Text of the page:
Do you have to spend a lot of money on a present to make it meaningful? I know the easy answer: of course not! So let me rephrase: Do you have to spend any money on a gift to make it meaningful? And what if you got the gift second hand? Does that fly?
Gareth asked for a rebounding soccer goal (a net that will bounce the ball back to you) this year. We were so happy to have some kind of fun and concrete suggestion for him that departed from the typical gift card teensanity that dominates gift giving for kids these days.
Until we discovered that a good rebounding goal comes at a hefty price tag - from $250-$450. Egad. Who's having "fun" now? Sure there are cheaper ones, but this is a 15 year old monster soccer player who could probably rocket a ball through the walls of our house if he set his mind to it. A cheap net wouldn't make it through the end of the year.
Just for grins, Steve looked it up on Craig's list...and found a high quality net that we couldn't have afforded new, for free. Needless to say, we jumped on it like black Friday shoppers at Wal-mart.
But once the deed was done, we got to thinking:
Free? Did spending $0 take away from the value of the gift?
It didn't help that we knew we couldn't pull it off as new in a million years. "Beautifully worn net, antiqued base with a patina of naturally aged rust, and a frame bent with the character childhood play" doesn't quite persuade.
Sure it'd be nice to have, but as a gift?
We didn't know.
It's regulation size, way sturdy and completely functional. Also, Steve paid in thought and time what he didn't pay in dollars. He found it, worked miracles to get the way-longer-than-a-car crossbar sort of into the van and sort of safe for the highway. Then he took it to a handy friend who rebuilt part of the broken frame so that Steve could easily assemble it in the cold one afternoon when Gareth wasn't home. When he finished, we hid it in the neighbor's yard for a week, then set it up in the wet and the dark at midnight on Christmas eve. Steve even made a big "Merry Christmas" sign that he covered in tape to protect it from the drizzle until morning.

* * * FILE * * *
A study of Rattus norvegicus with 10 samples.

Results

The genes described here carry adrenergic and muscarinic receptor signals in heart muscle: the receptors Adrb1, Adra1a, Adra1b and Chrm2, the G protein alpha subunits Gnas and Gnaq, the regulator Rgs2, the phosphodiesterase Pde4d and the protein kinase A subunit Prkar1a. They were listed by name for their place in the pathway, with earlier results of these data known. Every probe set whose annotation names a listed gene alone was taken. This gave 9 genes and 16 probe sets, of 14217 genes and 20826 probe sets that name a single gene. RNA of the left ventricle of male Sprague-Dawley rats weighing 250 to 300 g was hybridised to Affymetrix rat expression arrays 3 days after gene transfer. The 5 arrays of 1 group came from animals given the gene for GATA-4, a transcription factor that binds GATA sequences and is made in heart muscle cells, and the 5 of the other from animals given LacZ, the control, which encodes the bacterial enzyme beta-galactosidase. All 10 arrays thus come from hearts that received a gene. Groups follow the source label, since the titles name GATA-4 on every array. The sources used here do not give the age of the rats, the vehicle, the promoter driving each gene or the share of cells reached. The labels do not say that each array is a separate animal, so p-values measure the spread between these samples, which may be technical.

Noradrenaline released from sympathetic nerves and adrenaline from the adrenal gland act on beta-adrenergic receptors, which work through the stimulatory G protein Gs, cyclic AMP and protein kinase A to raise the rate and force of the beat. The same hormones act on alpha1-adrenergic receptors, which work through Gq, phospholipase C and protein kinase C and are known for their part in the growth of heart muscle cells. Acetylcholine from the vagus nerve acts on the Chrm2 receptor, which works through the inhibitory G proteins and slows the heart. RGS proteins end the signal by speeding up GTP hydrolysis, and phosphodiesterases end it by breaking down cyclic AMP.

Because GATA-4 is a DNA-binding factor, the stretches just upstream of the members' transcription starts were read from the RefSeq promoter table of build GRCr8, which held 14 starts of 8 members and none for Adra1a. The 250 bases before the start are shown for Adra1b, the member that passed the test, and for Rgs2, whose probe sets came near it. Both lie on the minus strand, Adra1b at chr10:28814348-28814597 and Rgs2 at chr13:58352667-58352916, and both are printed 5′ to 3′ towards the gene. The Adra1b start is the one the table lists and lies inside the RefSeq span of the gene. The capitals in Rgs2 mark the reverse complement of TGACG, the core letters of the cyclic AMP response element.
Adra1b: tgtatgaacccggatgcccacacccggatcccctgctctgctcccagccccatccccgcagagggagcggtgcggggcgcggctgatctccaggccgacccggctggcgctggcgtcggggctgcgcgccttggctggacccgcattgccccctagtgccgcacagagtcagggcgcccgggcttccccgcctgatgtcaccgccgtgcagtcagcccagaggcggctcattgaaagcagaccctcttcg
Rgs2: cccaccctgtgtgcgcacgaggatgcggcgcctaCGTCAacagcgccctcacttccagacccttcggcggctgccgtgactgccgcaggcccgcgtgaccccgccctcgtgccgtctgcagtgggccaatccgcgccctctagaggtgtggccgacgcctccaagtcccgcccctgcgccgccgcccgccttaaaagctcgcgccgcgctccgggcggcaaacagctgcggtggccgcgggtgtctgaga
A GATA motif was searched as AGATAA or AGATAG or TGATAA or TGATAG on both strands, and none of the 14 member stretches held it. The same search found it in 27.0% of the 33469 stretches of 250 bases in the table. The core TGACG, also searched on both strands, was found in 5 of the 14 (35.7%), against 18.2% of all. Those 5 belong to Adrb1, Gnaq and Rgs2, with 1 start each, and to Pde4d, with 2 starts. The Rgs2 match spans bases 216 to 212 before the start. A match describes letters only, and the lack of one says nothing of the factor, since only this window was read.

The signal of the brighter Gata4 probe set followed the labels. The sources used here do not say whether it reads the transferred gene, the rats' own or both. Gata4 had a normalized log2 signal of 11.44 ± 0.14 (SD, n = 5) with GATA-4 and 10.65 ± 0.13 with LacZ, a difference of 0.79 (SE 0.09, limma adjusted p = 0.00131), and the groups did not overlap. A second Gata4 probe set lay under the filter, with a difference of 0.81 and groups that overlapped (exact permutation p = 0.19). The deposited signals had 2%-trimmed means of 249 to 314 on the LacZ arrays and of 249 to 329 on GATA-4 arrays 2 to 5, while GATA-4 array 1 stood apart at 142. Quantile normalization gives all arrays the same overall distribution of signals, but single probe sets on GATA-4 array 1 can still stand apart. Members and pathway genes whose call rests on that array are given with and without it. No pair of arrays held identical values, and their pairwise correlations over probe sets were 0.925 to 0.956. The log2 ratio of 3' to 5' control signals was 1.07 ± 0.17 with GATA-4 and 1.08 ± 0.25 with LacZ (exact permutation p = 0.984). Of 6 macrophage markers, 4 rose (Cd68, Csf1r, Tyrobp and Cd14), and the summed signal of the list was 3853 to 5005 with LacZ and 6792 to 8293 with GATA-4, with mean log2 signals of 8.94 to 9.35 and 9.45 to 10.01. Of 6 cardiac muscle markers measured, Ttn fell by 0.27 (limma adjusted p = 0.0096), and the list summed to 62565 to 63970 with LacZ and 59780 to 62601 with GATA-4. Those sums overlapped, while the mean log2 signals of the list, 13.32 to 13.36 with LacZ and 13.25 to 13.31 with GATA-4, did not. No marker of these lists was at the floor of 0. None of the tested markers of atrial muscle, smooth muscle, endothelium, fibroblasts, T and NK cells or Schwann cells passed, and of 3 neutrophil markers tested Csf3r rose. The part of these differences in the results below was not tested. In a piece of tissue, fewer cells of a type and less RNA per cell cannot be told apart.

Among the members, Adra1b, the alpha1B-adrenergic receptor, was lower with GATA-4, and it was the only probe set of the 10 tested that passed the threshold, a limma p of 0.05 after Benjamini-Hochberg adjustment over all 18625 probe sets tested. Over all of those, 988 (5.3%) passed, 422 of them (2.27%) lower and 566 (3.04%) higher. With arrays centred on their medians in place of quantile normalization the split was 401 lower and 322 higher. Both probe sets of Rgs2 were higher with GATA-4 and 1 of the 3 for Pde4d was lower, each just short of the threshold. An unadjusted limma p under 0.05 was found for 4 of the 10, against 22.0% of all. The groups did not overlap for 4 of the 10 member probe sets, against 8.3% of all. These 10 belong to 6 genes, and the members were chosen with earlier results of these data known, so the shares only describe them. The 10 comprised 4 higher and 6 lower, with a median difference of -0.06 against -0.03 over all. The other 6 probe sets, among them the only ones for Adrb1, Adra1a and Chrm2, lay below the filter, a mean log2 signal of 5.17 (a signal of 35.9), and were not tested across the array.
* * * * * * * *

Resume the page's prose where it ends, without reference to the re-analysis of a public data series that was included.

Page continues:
Those are the things that count, right?
When we told Gareth to "please take out the compost" right in the middle of gift giving on Christmas morning, his shift from an outraged, "are you KIDDING me?!" to a dawning, "OH, you've hidden something in the back yard!" made the day.
Honestly, I didn't have much trouble with this choice between giving a used expensive thing for free and not giving it at all. But it got me to thinking about both our impulse to buy new when we give gifts and our tendency to measure the value of a gift in dollars.
Would we have given Gareth this recycled free gift if we could have afforded a new one? I doubt it. And here I was just lecturing to you about the story of stuff. How disappointing!
Now that we've done it, however, I'd say we're far more likely to do it again. Not only did we recycle something and save a lot of money, we added personality to the gift by avoiding the now-familiar digital shopping cart scenario. This gift comes with the story of the find: how Steve had to beat out another taker to make the claim. It also comes with a dramatic and heroic tale of repair: how our good friend first snapped the pole tragically in half before he magically created a new piece of pipe and saved our Christmas. Hooray!
I know Steve, who revels in recounting tales of adversity and triumph, will regale us with these dramas for at least the life of the soccer goal. While I'm sure we'll eventually roll our eyes in the telling, that's just part of the fun.
Oh - and did I mention that Gareth loves it? He just shrugged off it's somewhat tattered look and pounded a ball into the corner of the far post.
So as I'm fantasizing about thrift store shopping and regifting next year, I'm wondering, is a white elephant under the tree just another elephant in the room? or is it ok to give a recycled gift and a story instead of a shiny new gift and a receipt?
And if it's not OK, shouldn't we make it so?